So yesterday while I was doing the dishes, my husband went to the local grocery store. When he came home, he had an interesting story.
While standing in the beverage aisle, a couple nearby were discussing the merits of buying soda in the new package style (8 – 7.5 ounce cans) vs. the traditional 6 pack of 12 ounce cans. After hearing this story (there was much more to it but not relevant to this post), I looked at my husband and said, “You’re kidding me, right?”
I don’t care how much money you have, it does not make sense to spend 4 times the cost for the same product where the only difference is the packaging.
So faced with the choice of buying 6 – 12 ounce cans (72 ounces) of soda for $1.25 or 8 – 7.5 ounce cans (60 ounces) of soda for $4.89, which one would you buy? I hope you didn’t say the more expensive, lower volume item. The math works like this: $1.25/72 = .02; $4.89/60 = .08. So I ask again, why would you pay four times the cost for 2/3 of the product?
The answer is because some of us have been blinded by the fancy packaging and subsequent exorbitant pricing and don’t consider the actual product inside.
The same goes for many other items:
I see it in the checkout all the time…someone buying generic butter and milk alongside the really expensive name brand bread. It doesn’t make good “cents”. Pay attention to what you’re buying. You’re looking for quality and value. And a name brand rarely adds quality or value.
Here is something to think about…there is a certain level of appearance that has to be maintained for the name brands. When the product doesn’t meet those standards, rather than throwing it out, it’s moved to the generic brand. For example, at the grocery store you can purchase perfect cherries for $8.99/lb. However, I can go to the independent fruit vendor and purchase imperfect cherries (we affectionately refer to them as “butt cheek” cherries) for $2.99/lb.
Typically these rejected and imperfect products are referred to as irregulars or 2nds. The cherries we purchased on the corner came from the same tree as the perfect ones, but since they are not “perfect”, the grocery stores don’t want them. They still taste the same, so what is the big deal? Packaging…again.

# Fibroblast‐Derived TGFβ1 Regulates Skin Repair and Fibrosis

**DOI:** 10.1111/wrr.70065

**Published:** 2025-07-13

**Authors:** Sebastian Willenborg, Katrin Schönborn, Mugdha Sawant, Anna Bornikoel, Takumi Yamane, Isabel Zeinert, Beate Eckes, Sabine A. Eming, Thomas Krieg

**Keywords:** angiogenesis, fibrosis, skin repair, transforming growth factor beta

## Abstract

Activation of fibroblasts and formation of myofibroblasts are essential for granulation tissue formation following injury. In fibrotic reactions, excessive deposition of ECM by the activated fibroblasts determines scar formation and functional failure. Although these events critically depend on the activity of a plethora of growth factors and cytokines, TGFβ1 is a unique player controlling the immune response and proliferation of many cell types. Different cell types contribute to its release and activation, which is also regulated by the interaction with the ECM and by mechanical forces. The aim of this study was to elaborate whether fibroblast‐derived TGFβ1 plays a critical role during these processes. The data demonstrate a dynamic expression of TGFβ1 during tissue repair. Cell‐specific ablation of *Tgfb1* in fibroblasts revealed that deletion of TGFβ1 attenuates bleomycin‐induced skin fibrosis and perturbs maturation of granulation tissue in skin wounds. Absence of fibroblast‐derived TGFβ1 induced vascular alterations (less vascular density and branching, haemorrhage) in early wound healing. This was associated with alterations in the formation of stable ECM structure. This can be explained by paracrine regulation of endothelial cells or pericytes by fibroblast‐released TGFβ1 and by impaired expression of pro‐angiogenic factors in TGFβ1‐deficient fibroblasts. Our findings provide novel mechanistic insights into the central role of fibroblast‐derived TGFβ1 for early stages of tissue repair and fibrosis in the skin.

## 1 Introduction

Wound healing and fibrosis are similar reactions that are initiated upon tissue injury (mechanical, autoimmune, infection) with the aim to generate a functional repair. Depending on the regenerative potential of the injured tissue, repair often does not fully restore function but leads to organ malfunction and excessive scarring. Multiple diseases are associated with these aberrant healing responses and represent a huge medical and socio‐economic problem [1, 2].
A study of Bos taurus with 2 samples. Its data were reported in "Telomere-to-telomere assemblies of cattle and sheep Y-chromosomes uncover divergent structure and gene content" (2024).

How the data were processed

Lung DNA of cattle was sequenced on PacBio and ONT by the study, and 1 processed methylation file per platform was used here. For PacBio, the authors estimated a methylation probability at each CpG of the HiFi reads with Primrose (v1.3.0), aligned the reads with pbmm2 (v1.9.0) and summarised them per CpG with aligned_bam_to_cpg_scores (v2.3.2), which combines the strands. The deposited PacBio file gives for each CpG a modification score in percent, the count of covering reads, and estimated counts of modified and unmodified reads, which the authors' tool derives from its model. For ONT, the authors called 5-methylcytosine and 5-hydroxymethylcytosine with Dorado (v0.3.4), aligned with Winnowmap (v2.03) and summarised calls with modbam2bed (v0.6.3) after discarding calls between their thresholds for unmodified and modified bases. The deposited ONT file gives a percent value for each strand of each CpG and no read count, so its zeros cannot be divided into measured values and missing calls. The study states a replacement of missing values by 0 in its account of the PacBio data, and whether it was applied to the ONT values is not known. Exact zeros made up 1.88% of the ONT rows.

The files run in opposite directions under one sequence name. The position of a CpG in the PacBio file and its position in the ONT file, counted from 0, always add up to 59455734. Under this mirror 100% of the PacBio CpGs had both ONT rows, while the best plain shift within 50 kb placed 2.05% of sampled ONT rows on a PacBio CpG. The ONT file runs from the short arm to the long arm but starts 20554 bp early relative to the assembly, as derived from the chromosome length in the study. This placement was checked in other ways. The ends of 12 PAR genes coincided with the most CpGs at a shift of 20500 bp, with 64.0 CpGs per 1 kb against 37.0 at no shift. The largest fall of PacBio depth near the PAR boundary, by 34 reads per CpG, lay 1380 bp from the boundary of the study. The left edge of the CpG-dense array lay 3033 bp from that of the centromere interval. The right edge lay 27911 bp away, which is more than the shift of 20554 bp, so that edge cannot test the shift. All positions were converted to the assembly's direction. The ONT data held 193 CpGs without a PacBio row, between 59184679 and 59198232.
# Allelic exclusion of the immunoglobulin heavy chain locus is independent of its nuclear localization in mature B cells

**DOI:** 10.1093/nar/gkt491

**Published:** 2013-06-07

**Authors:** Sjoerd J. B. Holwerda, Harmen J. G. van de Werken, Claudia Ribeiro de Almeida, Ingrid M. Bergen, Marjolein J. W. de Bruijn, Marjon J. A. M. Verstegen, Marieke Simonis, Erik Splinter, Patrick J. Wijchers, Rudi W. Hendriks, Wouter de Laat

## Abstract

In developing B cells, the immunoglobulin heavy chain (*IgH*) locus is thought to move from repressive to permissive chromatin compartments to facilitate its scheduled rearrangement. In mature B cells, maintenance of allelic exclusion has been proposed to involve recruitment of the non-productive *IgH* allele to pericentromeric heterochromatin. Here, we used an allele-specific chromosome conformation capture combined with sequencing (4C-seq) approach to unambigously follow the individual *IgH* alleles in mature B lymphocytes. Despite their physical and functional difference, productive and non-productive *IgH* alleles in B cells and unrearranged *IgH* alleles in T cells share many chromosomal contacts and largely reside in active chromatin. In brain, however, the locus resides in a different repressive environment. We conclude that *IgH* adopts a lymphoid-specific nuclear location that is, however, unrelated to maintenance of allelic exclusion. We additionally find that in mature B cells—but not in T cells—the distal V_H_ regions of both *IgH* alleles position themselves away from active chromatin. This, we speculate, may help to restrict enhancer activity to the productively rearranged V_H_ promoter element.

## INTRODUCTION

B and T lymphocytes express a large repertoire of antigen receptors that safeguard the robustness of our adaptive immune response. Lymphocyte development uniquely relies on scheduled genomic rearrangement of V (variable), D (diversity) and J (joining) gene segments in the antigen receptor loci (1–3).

Name brands are expensive, but most of the time, the store or generic brands are sourced and packaged by the same company that produces the name brands. The only difference is just a slightly different package and label. The best part…buying generic or name brand may save you substantial money over the course of the year.
A brief word about “organic”:
So we decided to grow tomatoes again this year. We’ve planted three plants in our wine barrel. We have not sprayed them with any chemicals and the only thing we have used is cow manure. We’re not certified organic, so “Riddle me this, Batman?” What gives stores (and independent farmers at the farmer’s market) the right to charge 10 times as much for the same product. The only thing we can think of is the fact that the cost is higher because not using pesticides means they have a lower crop yield.
Therefore, I can produce 5000 lbs per acre by spraying to keep the tomato worm from eating my crop. If I don’t spray, I get only 2000 lbs per acre. Obviously I need more acres to produce the same yield as the sprayed tomatoes. But, if the spray is only applied to the plant prior to fruiting to destroy the worms, and there is no detectable trace of the pesticide in the fruit, then where is the added value of buying “organic”. It doesn’t have any difference in nutritional value and generally has no detectable difference in flavor.
Note: My tomatoes taste completely different than what I buy in the store. The difference is that the store bought tomatoes are a difference variety and they have to be picked green in order to get them to the store before they spoil.
So I ask myself why does a pint of cherry tomatoes purchased from the grocery store cost $4.00? Is it because we “cared enough to serve the very best”? Actually, I think it’s because we were was too lazy to grow our own.